Tips for Riding Lawn Mower Repair

Published: 27th July 2010



Basic Riding Lawn Mower Repair Tips

Start by determining which riding mower parts are impacted. Will it start? Will the blades run? Will the throttle engage? Once you have figured out where the problem lies, it is easy to determine the correct repair process.



If the mower will not start, check the gas tank. You may be out of gas, have a tank full of bad gas or have the wrong gas - such as diesel. If this is the case, it is a pretty simple fix! Next, check the spark plugs and the battery. Replace any bad spark plugs and scrub corrosion off of your battery. Many new riding mowers are equipped with a sensor that requires the driver be seated before the mower will start. Occasionally, the sensors go bad or the connections will slip. If this happens, the riding mower never knows that you are sitting on it.



When the mower starts, but the blades won't work, check the belts on the mower deck, as sometimes they can slip or break. If this is the case, you may need to call an authorized repair company. Replacing the mower belts can be difficult and requires a lot of patience or assistance from someone who has done it in the past.



If the throttle isn't working, check the cable that goes from the throttle to the engine. There are a few possible reasons the throttle won't engage, including engine troubles. Should the problem lie in the engine, you will need assistance from someone experienced in small engines.



Flat Tire

Just like your car, your riding mower can easily get a flat tire. Remove the impacted tire from the mower axle and refill it. Cover the filled tire with a mix of dish detergent and water then look for bubbles forming - any place you see a bubble, there is a leak. If you see a leak in the tread, you can patch it easily with a tire repair kit.



If your valve stem is leaking, purchase a replacement valve at an auto repair store. Remove the old valve, clean the hole, grease the new valve and slide it into place. Inflate the tire again and check for any other leaks.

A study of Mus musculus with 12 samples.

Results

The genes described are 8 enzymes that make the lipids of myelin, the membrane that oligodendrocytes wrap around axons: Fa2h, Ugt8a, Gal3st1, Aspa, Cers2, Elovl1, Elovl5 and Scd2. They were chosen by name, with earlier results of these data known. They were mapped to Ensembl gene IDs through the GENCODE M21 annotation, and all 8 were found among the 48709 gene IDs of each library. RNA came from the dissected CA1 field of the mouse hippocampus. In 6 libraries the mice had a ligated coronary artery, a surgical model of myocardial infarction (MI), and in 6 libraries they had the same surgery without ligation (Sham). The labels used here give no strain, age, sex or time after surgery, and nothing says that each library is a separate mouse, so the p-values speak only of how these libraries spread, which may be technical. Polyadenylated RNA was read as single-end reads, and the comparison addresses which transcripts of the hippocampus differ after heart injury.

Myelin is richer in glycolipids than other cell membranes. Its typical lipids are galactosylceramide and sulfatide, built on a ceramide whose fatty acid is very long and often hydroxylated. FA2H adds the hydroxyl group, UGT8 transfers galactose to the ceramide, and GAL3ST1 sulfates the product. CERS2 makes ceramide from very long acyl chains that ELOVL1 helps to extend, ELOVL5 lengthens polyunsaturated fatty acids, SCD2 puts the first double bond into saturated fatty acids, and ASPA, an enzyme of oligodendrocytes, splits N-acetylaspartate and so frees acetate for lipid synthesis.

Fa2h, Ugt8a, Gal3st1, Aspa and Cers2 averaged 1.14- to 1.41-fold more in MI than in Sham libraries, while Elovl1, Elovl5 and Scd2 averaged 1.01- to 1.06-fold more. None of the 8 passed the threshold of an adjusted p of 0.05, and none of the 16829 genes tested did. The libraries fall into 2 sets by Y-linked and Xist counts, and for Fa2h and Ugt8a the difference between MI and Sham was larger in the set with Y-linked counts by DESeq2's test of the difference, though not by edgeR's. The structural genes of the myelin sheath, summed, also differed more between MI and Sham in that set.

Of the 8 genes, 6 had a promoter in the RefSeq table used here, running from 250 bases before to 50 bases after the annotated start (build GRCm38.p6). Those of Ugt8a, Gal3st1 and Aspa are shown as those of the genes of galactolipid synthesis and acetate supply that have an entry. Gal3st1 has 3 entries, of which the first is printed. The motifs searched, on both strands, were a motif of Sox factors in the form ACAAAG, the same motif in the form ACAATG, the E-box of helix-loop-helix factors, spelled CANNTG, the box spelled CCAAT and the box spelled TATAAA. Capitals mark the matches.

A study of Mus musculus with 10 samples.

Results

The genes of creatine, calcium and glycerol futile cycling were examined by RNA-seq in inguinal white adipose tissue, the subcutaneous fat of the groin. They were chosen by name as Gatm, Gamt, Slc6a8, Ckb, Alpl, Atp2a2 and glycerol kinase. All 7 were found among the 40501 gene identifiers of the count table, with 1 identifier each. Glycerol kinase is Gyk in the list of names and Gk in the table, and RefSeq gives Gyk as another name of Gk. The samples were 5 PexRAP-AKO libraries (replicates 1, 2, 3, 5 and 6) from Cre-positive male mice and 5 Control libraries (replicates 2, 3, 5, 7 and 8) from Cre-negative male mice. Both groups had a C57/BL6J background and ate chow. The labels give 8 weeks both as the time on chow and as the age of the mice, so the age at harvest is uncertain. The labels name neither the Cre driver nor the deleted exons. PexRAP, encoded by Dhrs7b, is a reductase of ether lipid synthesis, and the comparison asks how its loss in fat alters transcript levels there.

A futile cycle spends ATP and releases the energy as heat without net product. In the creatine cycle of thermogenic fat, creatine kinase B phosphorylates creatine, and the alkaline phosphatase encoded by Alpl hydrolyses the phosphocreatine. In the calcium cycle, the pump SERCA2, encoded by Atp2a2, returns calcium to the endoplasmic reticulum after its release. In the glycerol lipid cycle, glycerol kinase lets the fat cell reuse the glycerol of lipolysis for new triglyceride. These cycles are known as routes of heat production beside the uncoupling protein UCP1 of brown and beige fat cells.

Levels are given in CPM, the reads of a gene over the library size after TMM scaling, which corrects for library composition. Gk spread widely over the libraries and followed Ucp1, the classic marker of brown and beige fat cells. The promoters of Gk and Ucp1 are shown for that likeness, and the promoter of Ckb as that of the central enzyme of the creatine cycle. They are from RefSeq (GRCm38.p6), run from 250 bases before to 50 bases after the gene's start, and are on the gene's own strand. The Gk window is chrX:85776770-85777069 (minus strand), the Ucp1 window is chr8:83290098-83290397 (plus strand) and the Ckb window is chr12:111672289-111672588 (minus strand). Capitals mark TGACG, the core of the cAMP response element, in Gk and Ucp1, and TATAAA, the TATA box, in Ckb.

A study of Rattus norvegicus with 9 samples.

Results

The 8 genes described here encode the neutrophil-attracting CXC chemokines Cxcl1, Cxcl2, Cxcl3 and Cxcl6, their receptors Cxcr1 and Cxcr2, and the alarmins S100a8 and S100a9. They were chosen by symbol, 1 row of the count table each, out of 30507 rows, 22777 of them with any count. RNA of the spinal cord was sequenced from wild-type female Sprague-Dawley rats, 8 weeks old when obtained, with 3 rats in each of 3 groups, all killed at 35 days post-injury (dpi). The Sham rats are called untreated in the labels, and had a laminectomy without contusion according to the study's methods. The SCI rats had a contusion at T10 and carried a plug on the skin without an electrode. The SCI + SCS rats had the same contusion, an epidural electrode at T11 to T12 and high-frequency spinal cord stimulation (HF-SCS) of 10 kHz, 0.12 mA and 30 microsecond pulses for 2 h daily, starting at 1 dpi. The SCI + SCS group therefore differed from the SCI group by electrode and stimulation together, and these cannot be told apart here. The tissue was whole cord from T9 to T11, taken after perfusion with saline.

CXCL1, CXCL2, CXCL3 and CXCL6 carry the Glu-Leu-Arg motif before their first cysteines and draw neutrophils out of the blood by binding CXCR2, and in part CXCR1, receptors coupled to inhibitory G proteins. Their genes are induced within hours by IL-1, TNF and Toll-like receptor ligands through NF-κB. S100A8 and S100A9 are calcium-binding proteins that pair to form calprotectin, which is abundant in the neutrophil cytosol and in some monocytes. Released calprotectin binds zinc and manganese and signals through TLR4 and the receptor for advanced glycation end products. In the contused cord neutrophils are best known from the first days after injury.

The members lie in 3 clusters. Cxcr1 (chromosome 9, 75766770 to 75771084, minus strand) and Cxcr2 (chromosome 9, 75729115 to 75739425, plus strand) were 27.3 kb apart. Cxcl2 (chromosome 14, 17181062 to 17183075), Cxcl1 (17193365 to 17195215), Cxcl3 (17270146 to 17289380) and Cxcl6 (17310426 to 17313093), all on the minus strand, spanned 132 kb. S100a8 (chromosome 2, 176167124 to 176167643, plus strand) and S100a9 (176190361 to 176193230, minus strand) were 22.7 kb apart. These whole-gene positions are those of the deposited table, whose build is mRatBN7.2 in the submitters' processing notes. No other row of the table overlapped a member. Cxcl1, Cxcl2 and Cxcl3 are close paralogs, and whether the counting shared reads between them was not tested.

You may notice dry rot growing on the tires if you are taking the riding mower out for the first time this season. If this is the case, it's time to replace the tires. You can try to repair the tire, but most of the time it's just better to get a new one.



MTD Repair Tips

MTD riding mowers are very popular and available from many retailers, which means there is a greater likelihood this is the mower in your garage. If you are having problems with your MTD riding mower, start by consulting the owner's manual. This will offer a few troubleshooting tips to get the process started. Next, make sure the parking brake is properly set and the gears are in neutral. Both the brake and the gear must be set before the mower can start.



Lift the seat and check the kill switch, which is usually located on or under the riding mower seat. The switch is designed to kill power if the operator falls off the mower. Damage to the switch or a loose connection may be the problem.



If you are in the middle of a riding lawn mower repair and don't know how to finish, it's time to call an authorized repair company. Never be afraid to ask for help if you need it; in some cases repairs are more time-consuming or difficult than you first anticipated.